The pad printing process transfers a two-dimensional (2-D) image onto a three-dimensional (3-D) object. This printing process uses a silicone pad to transfer an image from a printing plate (cliché) onto the object or substrate. This method of printing has gained popularity for printing onto odd-shaped objects. To print, you need an image. A printing plate (cliché) gets etched with an image. It is this image that the printing pad transfers to an object or the part by a silicone pad (tampon). Next, a cup filled with printing ink floods and removes the excess pad printing ink from the image. Then, a printing pad made of silicone picks up the image and transfers it onto the object. All these parts must be properly configured on the pad printing machine.
Hardener is not only responsible for adhesion and physical resistance, but it is also responsible for enhancing the printed image. Like with our solvents, different hardeners work with different ink series. Also different applications require different ink-to-hardener ratio. This can vary from 0% (not adding hardener at all) to adding up to 25% of the inks weight. Note; that the hardener reduces the pot life of the ink. The higher the hardener ratio, the lower the inks pot-life.
Specifications are requirements by the end user that pad printing inks have specific characteristics and meet certain standards. For example, Military (MIL-Spec)/Aerospace Qualified Ink-Military spec to MIL-I-43553 and AA56032. When properly applied and cured, the ink has excellent adhesion to metal, glass, and hard plastics. The ink is resistant to acids, alkalies, solvents, salt spray, and thermal shock. The Natron MG Series ink for glass, metals, ceramics, and hard plastics meets military spec for MIL-I-43553 and AA56032. This printing ink is a permanent, two-component, epoxy-based printing ink. Use the i-240x hardener, which cures at elevated and/or at room temperatures. For room temperature curing, perform adhesion testing 18–36 hours after printing. This wait time enables the ink to cross-link to the substrate. In some cases, the printed product can take up to 6 days to achieve full cure.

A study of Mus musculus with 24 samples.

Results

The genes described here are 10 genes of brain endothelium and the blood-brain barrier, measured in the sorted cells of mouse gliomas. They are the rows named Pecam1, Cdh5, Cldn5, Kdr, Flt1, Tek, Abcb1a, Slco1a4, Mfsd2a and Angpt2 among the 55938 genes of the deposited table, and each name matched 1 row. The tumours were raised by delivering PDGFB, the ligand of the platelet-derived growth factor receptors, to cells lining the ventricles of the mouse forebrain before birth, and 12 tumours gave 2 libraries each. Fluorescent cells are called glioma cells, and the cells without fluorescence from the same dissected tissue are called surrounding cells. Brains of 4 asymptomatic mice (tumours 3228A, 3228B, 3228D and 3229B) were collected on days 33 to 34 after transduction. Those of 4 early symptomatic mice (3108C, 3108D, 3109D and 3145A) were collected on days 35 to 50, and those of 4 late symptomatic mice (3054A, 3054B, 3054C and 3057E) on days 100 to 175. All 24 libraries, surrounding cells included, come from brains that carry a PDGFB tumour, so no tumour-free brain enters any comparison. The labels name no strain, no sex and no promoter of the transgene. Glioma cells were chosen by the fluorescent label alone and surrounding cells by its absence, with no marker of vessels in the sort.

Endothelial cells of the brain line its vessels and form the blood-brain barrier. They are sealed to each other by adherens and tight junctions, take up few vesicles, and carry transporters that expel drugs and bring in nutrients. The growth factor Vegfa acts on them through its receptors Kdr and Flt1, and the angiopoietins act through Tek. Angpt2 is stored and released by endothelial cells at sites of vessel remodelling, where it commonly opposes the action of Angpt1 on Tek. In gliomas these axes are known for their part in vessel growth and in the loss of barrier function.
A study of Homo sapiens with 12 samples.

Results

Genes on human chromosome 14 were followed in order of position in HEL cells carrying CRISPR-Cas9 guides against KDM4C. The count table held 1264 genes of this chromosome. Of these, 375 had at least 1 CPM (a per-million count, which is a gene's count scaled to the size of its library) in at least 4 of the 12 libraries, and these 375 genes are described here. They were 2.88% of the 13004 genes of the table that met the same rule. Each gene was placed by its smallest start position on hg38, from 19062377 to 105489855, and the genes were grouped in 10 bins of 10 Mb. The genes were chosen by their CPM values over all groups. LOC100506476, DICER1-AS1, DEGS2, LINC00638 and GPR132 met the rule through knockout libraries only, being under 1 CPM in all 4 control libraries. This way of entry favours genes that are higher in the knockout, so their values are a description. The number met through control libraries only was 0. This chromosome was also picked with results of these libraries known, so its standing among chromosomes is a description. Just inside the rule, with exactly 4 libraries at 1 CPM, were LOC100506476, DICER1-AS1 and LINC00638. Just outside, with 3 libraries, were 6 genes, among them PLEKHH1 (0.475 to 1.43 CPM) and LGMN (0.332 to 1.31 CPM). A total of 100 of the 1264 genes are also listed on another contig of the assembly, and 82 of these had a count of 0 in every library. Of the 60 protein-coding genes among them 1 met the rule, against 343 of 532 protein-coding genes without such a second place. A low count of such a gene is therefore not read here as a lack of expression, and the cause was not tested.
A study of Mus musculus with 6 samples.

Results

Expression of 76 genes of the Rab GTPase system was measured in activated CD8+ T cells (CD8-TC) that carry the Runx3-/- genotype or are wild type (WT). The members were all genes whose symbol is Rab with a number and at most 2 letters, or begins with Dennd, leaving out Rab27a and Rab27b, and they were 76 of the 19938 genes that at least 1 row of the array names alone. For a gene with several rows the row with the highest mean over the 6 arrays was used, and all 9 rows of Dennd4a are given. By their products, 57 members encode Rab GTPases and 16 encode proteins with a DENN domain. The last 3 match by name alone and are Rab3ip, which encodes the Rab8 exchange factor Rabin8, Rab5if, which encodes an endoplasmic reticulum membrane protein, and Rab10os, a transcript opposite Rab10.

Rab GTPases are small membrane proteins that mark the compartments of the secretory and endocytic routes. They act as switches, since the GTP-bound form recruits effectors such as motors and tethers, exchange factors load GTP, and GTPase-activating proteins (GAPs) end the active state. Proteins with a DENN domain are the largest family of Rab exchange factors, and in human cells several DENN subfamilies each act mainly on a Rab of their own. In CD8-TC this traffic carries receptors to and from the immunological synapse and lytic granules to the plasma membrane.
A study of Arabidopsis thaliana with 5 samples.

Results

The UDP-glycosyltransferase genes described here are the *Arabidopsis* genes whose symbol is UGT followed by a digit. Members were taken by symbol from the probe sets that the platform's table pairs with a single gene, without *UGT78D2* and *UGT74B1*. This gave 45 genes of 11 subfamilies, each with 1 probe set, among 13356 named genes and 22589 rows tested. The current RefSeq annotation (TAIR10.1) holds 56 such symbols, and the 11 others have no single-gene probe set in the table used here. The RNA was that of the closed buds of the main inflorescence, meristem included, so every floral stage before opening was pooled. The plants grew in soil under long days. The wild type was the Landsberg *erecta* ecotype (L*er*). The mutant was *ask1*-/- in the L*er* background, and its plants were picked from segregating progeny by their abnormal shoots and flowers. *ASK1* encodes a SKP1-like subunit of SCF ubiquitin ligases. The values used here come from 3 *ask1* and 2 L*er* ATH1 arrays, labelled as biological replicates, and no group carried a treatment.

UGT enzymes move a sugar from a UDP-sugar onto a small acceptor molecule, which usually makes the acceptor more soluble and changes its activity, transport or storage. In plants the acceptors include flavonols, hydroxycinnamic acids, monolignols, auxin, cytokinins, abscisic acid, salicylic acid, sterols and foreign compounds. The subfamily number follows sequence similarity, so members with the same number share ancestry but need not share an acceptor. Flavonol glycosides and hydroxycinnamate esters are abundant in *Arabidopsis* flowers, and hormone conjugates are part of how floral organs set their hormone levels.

Choosing the right pad printing ink is the key to successfully completing a pad printing job. To buy the right printing ink, you ought to consider several factors. But first, let us explore the components of pad printing ink.
Ink pigment: This is usually in the form of a powder. The pigment gives the ink color and controls the ink’s opacity.
Resin is essential to an ink’s functionality. It impacts the ink characteristics of a finished ink. This includes gloss, adhesion, ink flow, and can also help disperse pigment.
Solvent: A dissolving vehicle for resin and pigment. The solvent also controls the ink’s viscosity and aids in the transport and drying of the ink. The solvent eventually evaporates, leaving the ink solids as the print. The solvent is also added during printing to alter the ink’s viscosity. The speed of the added solvent additionally impacts the ink pot life.
Substrate. Prior to printing, understanding and knowing the substrate is the most important factor. This will determine which type of ink to use. Different inks adhere onto different substrates. Choosing the wrong ink will almost certainly guarantee a filed print.
Resistance (Chemical and abrasion) and specifications. Different products get used for different applications and environments. A printed product will need to withstand the products use specifications. For example, if a product must withstand abrasion resistance, the ink must meet this requirement. If an ink will be cleaned with alcohol, then ink used must withstand this. Pad ink for glass must withstand dishwasher, hot-water, and detergents. Mil-spec prints must use Mil-spec inks. Tagless pad printing inks must pass Oeko tex and RSL certifications. Therefore, it is important to determine the type of resistance and specifications for the printed product.
Some applications call for a matte finish, while others call for a glossy finish. The SE silicone inks have a high gloss finish. This is not the case with ST Series inks for tagless printing and other rubber applications. The ST pad printing inks have a matte finish. Natron inks for glass, on the other hand, can be changed from a gloss to a satin to a matte finish.